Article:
Investors this week will have another option for holding an easily maintained, diversified portfolio through a single exchange-traded fund with fees that are a fraction of traditional mutual funds.
Horizons ETF Management (Canada) Inc. is introducing two ETFs that automatically rebalance and provide one-stop shopping to a portfolio of underlying equities and fixed income funds.
By doing so, Horizons takes direct aim at Vanguard Investments Canada Inc., which launched similar low-fee balanced ETF products earlier this year. It also means another competitor for robo-advisers and their simple-solution, low-cost portfolios for investors.
The Horizons “fund of funds” products will start trading on Thursday on the Toronto Stock Exchange. They will rebalance on a semi-annual basis in January and July of each calendar year.
The Horizons Conservative TRI ETF Portfolio (HCON) and Horizons Balanced TRI ETF Portfolio (HBAL) will compile seven ETFs from the Horizons family of total return index ETFs (TRI ETFs), which are index-tracking ETFs that use an investment structure known as a total return swap to deliver index returns in tax-efficient manner.
The company is touting the funds as Canada’s first funds with 0 per cent “direct” or upfront management fees. But that doesn’t mean there are no costs in holding them. While the “direct” management fee will be nil, the fund of funds structure includes underlying management fees for the TRI ETFs held within both HCON and HBAL, as well as any additional trading expenses incurred by the funds. These can be as high as 30 basis points.
Based on the management expense ratios of the initial portfolios of TRI ETFs held by HCON and HBAL, the total management expense ratios of HCON and HBAL will initially be 0.15 per cent and 0.16 per cent, respectively, and will not exceed 0.17 per cent and 0.18 per cent on any rebalance.
The more conservative HCON ETF will have an asset allocation of approximately 50-per-cent equity securities and 50-per-cent fixed income securities, while HBAL’s asset allocation will consist of approximately 70-per-cent equity securities and 30-per-cent fixed income securities. The fixed income component of both portfolios will include TRI ETFs that offer North American exposure to government debt, provincial debt and corporate bonds, and the equity component will include TRI ETFs that offer exposure to North American and other global equities. Both funds will hedge its non-Canadian-dollar currency exposure to the Canadian dollar at all times.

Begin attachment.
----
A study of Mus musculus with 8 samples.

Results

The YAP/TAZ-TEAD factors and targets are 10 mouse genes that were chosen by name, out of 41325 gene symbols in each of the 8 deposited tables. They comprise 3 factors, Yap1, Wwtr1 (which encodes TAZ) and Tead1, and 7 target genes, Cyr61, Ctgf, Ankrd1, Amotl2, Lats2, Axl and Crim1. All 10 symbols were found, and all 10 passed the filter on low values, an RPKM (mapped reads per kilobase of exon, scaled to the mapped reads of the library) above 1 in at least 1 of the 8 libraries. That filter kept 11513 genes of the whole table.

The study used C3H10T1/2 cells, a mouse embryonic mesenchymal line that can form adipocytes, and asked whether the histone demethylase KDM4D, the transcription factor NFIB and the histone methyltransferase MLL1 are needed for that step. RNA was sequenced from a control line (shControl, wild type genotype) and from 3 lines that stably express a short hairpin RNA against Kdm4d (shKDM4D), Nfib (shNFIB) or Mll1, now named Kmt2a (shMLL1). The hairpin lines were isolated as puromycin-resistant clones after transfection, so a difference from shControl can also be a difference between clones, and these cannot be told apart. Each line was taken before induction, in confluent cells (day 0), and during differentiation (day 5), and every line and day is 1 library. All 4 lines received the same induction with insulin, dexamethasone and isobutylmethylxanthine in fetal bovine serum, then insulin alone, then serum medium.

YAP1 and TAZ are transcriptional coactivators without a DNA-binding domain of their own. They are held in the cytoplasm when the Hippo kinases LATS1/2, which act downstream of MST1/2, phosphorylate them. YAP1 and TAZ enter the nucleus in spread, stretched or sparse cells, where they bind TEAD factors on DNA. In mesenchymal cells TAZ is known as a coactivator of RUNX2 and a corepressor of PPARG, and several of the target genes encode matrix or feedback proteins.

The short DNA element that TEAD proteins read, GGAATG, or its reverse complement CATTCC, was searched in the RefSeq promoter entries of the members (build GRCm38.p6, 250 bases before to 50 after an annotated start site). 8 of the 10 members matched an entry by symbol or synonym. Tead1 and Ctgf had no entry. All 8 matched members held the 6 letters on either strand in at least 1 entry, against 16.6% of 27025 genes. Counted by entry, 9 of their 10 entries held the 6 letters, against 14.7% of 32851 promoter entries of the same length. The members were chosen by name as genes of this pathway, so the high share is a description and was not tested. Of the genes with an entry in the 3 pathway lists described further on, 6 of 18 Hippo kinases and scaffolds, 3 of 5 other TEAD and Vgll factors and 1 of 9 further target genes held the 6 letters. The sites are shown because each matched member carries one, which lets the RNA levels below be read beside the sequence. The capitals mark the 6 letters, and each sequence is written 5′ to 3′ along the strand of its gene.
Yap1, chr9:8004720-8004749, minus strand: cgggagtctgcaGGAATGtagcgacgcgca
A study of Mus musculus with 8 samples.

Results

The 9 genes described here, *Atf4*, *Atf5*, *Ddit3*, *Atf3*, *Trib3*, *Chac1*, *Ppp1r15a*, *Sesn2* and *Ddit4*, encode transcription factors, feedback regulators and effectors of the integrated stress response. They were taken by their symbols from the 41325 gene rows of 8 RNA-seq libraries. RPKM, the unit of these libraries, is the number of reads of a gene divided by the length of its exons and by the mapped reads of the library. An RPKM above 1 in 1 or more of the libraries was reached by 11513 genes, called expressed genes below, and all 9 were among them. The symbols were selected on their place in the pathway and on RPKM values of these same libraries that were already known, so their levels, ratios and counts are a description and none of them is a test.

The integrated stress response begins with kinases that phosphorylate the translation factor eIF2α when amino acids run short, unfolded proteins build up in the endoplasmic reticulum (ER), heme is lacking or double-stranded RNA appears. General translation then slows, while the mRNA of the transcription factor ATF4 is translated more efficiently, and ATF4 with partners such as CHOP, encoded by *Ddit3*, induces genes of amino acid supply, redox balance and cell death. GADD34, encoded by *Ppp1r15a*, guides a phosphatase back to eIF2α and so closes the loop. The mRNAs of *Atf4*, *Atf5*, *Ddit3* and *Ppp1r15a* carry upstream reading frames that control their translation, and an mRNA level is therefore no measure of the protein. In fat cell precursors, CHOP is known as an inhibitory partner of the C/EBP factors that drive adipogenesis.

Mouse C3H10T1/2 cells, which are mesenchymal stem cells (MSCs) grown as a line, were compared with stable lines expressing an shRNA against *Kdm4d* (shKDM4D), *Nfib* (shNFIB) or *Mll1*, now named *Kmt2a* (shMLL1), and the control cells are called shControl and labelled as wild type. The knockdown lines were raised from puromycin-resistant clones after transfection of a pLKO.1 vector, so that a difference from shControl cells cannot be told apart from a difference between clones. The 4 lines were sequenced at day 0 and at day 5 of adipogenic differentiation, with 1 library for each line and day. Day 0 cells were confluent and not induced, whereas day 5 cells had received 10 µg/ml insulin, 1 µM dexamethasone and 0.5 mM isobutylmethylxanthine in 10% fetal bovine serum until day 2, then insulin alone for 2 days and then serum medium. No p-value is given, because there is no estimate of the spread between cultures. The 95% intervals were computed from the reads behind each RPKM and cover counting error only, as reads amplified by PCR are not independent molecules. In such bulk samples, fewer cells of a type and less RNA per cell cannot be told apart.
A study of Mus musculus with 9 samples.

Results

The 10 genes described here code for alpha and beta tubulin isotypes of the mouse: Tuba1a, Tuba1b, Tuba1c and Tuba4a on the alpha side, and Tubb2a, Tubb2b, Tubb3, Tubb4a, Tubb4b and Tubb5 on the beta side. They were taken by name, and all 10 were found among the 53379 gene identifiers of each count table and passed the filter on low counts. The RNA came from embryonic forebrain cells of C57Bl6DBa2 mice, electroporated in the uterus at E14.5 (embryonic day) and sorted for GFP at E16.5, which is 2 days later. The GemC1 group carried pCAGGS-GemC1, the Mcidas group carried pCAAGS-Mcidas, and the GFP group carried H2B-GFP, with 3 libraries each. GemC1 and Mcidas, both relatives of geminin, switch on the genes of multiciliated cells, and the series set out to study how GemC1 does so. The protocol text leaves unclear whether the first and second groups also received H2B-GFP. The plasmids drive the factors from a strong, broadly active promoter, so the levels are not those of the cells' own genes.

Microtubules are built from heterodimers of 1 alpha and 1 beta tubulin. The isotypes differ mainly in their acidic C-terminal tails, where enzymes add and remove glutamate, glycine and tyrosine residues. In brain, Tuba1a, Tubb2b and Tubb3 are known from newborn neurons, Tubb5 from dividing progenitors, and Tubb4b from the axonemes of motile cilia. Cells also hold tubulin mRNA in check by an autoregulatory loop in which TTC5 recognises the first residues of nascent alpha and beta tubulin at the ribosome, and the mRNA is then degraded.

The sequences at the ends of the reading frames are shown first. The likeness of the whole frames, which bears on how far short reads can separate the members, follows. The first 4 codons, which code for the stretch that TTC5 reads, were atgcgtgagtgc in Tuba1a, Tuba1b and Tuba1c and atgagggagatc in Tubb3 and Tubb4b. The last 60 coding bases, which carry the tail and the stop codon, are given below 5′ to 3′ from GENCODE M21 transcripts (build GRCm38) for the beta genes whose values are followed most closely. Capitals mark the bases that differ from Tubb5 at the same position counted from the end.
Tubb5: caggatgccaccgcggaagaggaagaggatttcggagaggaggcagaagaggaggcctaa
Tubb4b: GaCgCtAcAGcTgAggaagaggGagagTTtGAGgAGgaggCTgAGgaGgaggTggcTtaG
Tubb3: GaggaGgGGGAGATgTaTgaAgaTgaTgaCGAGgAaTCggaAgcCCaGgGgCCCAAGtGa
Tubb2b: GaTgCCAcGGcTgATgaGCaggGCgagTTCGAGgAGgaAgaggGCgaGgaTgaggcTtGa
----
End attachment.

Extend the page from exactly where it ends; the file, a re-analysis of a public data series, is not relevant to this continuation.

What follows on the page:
The funds are comparable in design to three “one-ticket solution” balanced ETFs launched by Vanguard. With a management fee of 0.22 per cent, the funds have seen a flurry of investor interest since February. As of June, the funds had surpassed $500-million in assets.
Robo-advisers — also referred to as online wealth managers or digital advisers — go beyond simply offering a balanced portfolio. They provide investors with an online risk-assessment tool that calculates an appropriate asset allocation based on age, financial goals and risk tolerance. The results provide clients with a recommended investment portfolio predominantly made up of exchange-traded funds which gets automatically rebalanced. The typical fee for robo-advisers is 0.50 per cent, plus the additional fees for the underlying ETFs within the portfolio.
For some investors, such as those who don’t feel confident in making their own investment choices or those new to investing, robo-adivsers can be an attractive alternative to the more expensive traditional investment adviser.
But do-it-yourself investors who may be looking at a robo-adviser solely for a rebalancing tool may find considerable appeal in the new Vanguard and Horizons fund offerings.
At first blush, the two sets of funds appear to be comparable when looking at underlying management fees and trading expenses. But Horizon’s tax efficiency of the TRI funds should provide a higher after-tax benefit with a lower cost in non-registered accounts, according to Horizons.
Unlike a physical replication ETF, that typically purchases the securities found in the relevant index in the same proportions as the index, a TRI ETF is a synthetic structure that never buys the securities of an index directly.
In addition, the company is also launching an actively managed emerging markets fund: Horizons Active Emerging markets Bond ETF (HEMB). It will begin trading on the Toronto Stock Exchange on Tuesday. Sub-advised by Fiera Capital and Mirae Asset USA, HEMB will invest primarily in debt securities of emerging market issuers and use hedging to offset currency fluctuations. The management fee for HEMB is 0.55 per cent.